Caller-ID spoofing is an easy hack that endangers institutional data through "social engineering." Are your faculty and staff aware of this threat?
An old adage that evolved from the establishment of static print media is, "If it's in print, it must be true." And we collected literally tons of the stuff. The digital realm has turned that thinking on its ear, and ePortfolios may help make sense out of our new process of collecting "tons" of bits--not static, but shifting bits.
The word "ownership," when linked to technology, usually conjures up images of lawyers and of the most feared and revered 2 letters in higher education: IP. But this little story is not about intellectual property per se and is most definitely not about lawyers. It's about students' perception of ownership in higher education's geography.
One campus found that one in six USB devices was loaded with malware that could infect computers. What should your campus be doing?
Those educators among us who are familiar with constructivist and constructionist models of learning understand the impact that social learning theory has had on the field. Likewise those of us who are familiar with the application of new technology in learning understand that customization (or "the user") is what drives every structure, every program, and every software function.
There are, in my experience, six strategies to consider with any use of technology that will guard against rote use of technology and facilitate critical analysis of teaching and learning effectiveness. In this article, I'll share with you the checklist I work with and encourage others to work with in learning about and using new technology.
Hopefully by now we have educated our faculty and staff to the dangers of traveling with a laptop containing sensitive information--say Social Security numbers or a faculty member's latest patentable research. But have we been educating them about the security risks of smart phones?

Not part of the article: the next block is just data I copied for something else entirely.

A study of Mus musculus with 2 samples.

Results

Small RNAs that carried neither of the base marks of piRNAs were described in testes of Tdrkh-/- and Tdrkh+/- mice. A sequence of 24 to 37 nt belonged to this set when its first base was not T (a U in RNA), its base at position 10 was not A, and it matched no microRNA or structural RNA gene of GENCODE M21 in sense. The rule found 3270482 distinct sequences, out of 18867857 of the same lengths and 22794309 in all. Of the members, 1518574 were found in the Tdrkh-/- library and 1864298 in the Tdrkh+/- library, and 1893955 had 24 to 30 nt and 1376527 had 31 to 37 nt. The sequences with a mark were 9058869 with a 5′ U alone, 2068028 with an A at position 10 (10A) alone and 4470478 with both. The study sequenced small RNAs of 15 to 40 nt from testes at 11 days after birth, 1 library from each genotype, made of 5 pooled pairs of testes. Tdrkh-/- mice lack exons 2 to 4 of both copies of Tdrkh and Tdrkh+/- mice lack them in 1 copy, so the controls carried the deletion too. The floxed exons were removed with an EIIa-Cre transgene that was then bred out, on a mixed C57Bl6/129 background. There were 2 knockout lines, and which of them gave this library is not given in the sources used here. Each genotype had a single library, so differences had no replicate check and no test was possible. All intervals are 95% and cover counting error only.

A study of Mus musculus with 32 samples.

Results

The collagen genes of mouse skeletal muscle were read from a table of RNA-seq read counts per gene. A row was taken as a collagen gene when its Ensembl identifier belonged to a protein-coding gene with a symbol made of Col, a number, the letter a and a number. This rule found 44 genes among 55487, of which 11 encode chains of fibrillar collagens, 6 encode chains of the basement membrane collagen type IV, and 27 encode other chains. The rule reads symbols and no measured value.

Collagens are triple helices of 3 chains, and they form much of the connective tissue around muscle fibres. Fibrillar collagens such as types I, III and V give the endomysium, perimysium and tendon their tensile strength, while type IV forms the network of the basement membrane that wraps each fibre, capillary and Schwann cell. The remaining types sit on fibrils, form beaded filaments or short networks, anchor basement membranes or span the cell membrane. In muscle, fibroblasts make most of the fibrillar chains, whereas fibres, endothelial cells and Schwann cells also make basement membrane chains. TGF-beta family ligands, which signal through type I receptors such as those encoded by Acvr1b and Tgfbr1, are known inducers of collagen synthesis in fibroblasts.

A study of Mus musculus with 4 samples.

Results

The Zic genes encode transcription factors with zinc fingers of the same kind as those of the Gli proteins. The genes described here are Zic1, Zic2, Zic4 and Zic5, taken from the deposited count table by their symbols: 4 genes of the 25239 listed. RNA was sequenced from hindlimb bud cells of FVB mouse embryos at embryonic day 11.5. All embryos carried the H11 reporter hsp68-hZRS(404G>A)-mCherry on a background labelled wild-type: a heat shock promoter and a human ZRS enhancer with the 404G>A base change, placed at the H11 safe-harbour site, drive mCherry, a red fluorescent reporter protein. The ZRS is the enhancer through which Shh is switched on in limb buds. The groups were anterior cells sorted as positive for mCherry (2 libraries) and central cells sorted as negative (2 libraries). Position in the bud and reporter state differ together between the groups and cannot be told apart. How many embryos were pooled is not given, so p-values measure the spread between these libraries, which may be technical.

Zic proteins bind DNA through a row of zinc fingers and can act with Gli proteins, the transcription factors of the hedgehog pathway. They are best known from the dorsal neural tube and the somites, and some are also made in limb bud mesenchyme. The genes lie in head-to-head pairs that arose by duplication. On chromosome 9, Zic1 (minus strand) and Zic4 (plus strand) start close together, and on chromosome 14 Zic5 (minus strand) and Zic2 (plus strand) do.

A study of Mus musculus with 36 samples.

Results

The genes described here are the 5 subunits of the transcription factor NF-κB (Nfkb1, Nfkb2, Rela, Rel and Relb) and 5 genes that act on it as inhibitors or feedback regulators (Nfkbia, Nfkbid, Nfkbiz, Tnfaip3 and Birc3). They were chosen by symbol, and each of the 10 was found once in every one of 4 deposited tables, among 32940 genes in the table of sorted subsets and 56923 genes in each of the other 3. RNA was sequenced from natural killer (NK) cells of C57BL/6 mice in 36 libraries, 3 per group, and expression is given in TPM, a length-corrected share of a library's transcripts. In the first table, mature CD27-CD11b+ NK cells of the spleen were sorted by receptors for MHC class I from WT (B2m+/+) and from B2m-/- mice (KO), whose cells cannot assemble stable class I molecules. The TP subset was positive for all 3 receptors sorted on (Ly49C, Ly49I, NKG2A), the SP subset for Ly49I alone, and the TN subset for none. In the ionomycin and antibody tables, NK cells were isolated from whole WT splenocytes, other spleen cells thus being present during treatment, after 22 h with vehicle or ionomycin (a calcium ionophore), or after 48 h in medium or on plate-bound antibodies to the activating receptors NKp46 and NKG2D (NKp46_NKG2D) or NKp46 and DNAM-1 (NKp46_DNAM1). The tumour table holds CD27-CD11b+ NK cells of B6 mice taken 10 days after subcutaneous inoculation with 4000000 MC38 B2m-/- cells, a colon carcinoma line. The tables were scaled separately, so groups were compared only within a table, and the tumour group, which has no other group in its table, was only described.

Microblogging redefines synchronous communication in learning. While conventional distance education has explored the uses of chat tools in this regard for several years and particularly the benefits of synchronous communication over asynchronous communication in support of specific learning goals, this level of immediacy is faster-paced and more direct.
In the first installment this two-part series, we looked at chat as an instructional tool in general terms. Now we take a look at some of the major concepts in using chat effectively in the process of moving the thinking process forward: building ideas, constructing media, and establishing which elements are critical to making the environment dynamic and relevant to the student.
The idea of using chat as a communication tool with students is widely accepted in education. Using the same tool to progress critical thinking is not often discussed. That is, the question might be asked, "Why use an online tool when I can discuss with my students face to face?"